We’re not feeling a whole load of Christmas cheer among the pharmaceutical industry this festive season.
First came the news that GSK is phasing out all payments to doctors and will no longer be bonusing their reps based on sales. Now, a new study suggests the end of the road may be nigh for pharma sales reps.
According to a survey of nearly 3,000 physicians undertaken by CapGemini and QuantiaMD, when it comes to receiving clinical and medical info, reps rank last as a resource behind print, digital media and phone links.
- 67% of physicians say digital media is their preferred source of information from drug-makers
- 40% believe digital media has the most relevant and personalized content
- 52% believe sales reps will eventually become information coordinators
- Only a paltry 20% say reps are their favorite source of information
In parallel, more health care providers are shifting toward larger, organized health systems, which make it more difficult for reps to reach physicians for visits. Sixty four percent of those surveyed say they restrict rep visits and 31 % of physicians in organized health systems do not allow reps any access, due to corporate policies.
Newer and younger physicians are more likely to rebuff reps – as many as 80% impose restrictions. 90% of new physicians are joining organized health systems right out of medical school.
“Physicians today are in a time crunch, juggling more commitments than ever before and no longer have the time to dedicate to in-person meetings with pharmaceutical representatives. So the reliance on more digital channels comes as no surprise,” said Dan Malloy, Senior Vice President at Quantia. “This study supports what we’re already seeing from our 200,000 members–that a physician-centric, digital communication model is the most effective way for reaching and engaging doctors.”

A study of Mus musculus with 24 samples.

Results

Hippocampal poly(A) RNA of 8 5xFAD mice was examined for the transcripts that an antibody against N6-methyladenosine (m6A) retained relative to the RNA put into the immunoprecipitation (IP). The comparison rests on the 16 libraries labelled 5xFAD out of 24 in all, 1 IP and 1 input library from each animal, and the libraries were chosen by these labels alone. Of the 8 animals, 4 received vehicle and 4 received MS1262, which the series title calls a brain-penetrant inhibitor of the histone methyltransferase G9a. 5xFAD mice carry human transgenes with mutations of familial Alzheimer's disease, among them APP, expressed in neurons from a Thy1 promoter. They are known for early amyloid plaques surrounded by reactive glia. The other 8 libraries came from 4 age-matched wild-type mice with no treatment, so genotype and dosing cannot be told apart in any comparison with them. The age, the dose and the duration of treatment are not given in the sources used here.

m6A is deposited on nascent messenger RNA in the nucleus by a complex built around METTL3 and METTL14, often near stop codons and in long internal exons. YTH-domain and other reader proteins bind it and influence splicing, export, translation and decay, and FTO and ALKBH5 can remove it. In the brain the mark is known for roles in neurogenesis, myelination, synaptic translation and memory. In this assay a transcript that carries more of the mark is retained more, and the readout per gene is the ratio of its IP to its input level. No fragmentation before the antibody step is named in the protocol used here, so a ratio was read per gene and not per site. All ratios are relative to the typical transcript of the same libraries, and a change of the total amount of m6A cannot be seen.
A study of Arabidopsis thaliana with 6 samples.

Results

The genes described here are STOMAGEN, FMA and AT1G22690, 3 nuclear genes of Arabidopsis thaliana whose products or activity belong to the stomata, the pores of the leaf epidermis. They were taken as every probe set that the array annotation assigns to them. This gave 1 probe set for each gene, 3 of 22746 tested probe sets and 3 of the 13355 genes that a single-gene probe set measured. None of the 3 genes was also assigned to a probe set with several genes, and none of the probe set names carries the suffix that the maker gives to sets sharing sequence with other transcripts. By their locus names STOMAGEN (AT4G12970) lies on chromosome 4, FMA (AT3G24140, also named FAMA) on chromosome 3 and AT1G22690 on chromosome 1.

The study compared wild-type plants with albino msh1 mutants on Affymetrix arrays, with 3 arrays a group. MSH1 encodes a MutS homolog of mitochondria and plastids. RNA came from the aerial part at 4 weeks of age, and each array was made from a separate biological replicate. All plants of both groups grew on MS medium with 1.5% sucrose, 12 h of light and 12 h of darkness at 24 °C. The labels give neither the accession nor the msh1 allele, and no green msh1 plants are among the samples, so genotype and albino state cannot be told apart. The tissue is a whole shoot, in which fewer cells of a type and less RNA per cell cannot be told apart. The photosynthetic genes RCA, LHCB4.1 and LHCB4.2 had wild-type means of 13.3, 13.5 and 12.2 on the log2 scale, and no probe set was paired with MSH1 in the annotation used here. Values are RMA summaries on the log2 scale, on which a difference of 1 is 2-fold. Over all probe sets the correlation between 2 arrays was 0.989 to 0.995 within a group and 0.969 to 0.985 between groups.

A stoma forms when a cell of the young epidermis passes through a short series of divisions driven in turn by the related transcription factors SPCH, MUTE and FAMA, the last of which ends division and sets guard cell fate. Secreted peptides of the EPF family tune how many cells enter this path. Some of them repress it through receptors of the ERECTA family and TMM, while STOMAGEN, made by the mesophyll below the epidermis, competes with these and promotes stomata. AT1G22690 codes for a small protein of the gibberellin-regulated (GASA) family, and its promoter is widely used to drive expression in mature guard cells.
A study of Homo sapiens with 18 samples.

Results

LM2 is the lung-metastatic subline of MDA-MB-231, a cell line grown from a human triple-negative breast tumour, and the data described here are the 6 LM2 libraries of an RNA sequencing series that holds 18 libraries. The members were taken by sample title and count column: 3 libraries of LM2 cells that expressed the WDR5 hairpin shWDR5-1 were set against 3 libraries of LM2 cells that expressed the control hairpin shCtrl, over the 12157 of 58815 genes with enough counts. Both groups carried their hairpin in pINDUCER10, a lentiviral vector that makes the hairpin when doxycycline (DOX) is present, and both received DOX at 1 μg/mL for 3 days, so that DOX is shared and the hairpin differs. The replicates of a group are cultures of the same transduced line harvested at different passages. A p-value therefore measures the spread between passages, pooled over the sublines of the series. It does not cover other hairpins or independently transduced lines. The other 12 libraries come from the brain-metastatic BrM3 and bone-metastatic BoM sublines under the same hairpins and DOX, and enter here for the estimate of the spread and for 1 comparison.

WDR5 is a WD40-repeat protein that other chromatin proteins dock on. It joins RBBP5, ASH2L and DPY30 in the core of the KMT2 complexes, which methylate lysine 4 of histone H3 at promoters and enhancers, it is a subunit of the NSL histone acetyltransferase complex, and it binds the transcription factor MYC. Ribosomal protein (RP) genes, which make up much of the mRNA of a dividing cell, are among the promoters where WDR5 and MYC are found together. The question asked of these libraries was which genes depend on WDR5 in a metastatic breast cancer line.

On a more positive note, reps slightly edge out other resources when it comes to finding product info and patient education.
Hala Qanadilo, a principal in life sciences at CapGemini says, “While the more traditional face-to-face, in-office visits might decrease, the role of these representatives is projected to be as important as ever. Moving forward, they will need them to be the directors of multiple information sources, customizing their outreach so it is more personalized and physician-centric.”
How are you tackling the changing healthcare environment in these increasingly restrictive times? We’d love to hear from anyone out there in Pharmaland.